The Global Cruise Activist Network (GCAN) has launched a ‘Rethink Cruise Tourism’ campaign.
This is aimed at trying to compel cruise customers, investors and governments to imagine a socially, economically and environmentally responsible cruise industry, before restarting the cruise ships sector following Covid-19.
As part of the campaign, GCAN released two videos and a series of graphics and fact sheets to provide policy makers and would-be cruisers with a vision of what a transformed cruise industry could look like.
In September, 2020, GCAN, whose membership includes cruise port residents, civil society organisations, and labour & crime victim advocates, published ‘Principles for Responsible Cruise Tourism,’ which provides a roadmap for a transition to the socially and environmentally responsible future GCAN members want to see.
This addresses many concerns ranging from the cruise industry’s negative impacts on local communities to labour, climate change, air pollution, water pollution, environment & biodiversity, public health, and crime victims.
“For decades, the cruise industry’s business practices have put the social fabric, economic integrity, public health, and environment of host communities — as well as passengers, crew, coastal and marine ecosystems, and the climate — at risk,” said Arlo Haskell of Key West Committee for Safer, Cleaner Ships in Florida.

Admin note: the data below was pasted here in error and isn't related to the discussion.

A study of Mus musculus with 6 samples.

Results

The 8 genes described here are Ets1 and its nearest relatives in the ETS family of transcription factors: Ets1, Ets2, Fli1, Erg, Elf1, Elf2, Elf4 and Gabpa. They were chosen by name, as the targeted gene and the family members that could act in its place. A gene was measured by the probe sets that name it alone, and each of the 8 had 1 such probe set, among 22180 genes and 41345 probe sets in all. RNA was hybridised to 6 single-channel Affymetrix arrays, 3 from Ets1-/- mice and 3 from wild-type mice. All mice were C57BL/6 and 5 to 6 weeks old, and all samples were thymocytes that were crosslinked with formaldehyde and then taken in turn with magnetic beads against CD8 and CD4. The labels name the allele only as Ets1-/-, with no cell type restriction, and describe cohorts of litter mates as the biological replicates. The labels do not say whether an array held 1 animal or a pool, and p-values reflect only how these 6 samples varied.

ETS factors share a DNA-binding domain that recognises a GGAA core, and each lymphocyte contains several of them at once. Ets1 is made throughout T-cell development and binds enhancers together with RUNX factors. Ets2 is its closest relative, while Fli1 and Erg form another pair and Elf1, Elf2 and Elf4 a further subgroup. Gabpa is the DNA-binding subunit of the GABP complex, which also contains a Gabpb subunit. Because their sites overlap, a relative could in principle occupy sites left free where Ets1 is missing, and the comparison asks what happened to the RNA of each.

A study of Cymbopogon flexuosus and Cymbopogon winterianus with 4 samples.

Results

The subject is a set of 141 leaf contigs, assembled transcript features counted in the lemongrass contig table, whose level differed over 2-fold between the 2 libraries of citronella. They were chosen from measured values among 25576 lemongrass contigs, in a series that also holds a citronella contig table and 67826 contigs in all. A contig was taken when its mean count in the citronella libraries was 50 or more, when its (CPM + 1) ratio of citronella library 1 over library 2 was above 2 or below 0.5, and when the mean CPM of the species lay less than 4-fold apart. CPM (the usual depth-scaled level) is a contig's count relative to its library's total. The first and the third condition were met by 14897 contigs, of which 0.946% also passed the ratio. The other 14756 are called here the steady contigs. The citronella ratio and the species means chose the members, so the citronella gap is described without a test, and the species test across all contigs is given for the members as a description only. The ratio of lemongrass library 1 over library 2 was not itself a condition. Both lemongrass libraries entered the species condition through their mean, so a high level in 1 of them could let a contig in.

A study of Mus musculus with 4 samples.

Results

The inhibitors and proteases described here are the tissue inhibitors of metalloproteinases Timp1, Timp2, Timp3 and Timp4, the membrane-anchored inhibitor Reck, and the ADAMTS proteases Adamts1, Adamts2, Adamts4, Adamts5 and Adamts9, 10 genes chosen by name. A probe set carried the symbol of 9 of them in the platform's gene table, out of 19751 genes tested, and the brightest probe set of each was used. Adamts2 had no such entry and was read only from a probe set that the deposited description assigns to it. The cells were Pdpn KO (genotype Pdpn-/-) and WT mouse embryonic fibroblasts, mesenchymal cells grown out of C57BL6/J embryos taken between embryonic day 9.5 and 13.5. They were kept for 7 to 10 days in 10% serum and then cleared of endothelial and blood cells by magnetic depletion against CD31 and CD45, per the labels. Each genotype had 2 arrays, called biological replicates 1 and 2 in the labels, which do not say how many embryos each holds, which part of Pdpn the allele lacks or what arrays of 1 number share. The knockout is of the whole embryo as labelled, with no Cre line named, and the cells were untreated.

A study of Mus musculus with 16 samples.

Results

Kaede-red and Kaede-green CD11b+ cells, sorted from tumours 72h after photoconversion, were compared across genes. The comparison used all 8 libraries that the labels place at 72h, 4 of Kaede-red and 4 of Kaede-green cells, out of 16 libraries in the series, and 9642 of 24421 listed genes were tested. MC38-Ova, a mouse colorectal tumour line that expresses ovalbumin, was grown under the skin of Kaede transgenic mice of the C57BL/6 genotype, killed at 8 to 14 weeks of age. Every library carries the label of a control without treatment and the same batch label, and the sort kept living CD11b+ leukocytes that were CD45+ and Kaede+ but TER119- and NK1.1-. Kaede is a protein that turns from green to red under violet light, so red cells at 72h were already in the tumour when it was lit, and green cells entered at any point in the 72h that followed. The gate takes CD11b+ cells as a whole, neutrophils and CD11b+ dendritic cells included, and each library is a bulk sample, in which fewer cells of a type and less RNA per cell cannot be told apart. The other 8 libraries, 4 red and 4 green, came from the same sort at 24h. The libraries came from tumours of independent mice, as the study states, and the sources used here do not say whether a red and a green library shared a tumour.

“Cruise companies have failed to act responsibly, from burning huge volumes of highly polluting fuel to dumping in the ocean, underpaying its lowest-paid workers, exposing passengers and crew to air pollution, and avoiding labour, tax, environmental and criminal laws.
“Governments will have to regulate this rogue industry in order to protect people, communities and the environment we depend on,” he stressed.
“Cruise ships are proven to spread Covid-19,” said Carrie Agnew of Charleston Cruise Control. “They are responsible for spreading this disease and remain a threat to public health and safety. It is not safe to resume cruising during a global pandemic and any future infectious disease outbreaks.”
“We expect the cruise ship industry to use this pause in operations to review their business practices in terms of social, environmental, as well as economic performance,” said Jane da Mosto of Italian NGO We are here Venice. “This will require a radical transformation of their business model and corporate cultures to find fresh opportunities. The clever ones will surely manage.”
At a presentation, a spokesman stressed that GCAN was not trying to shut down the cruise industry but accused operators of not adapting and acknowledging the world they operate in.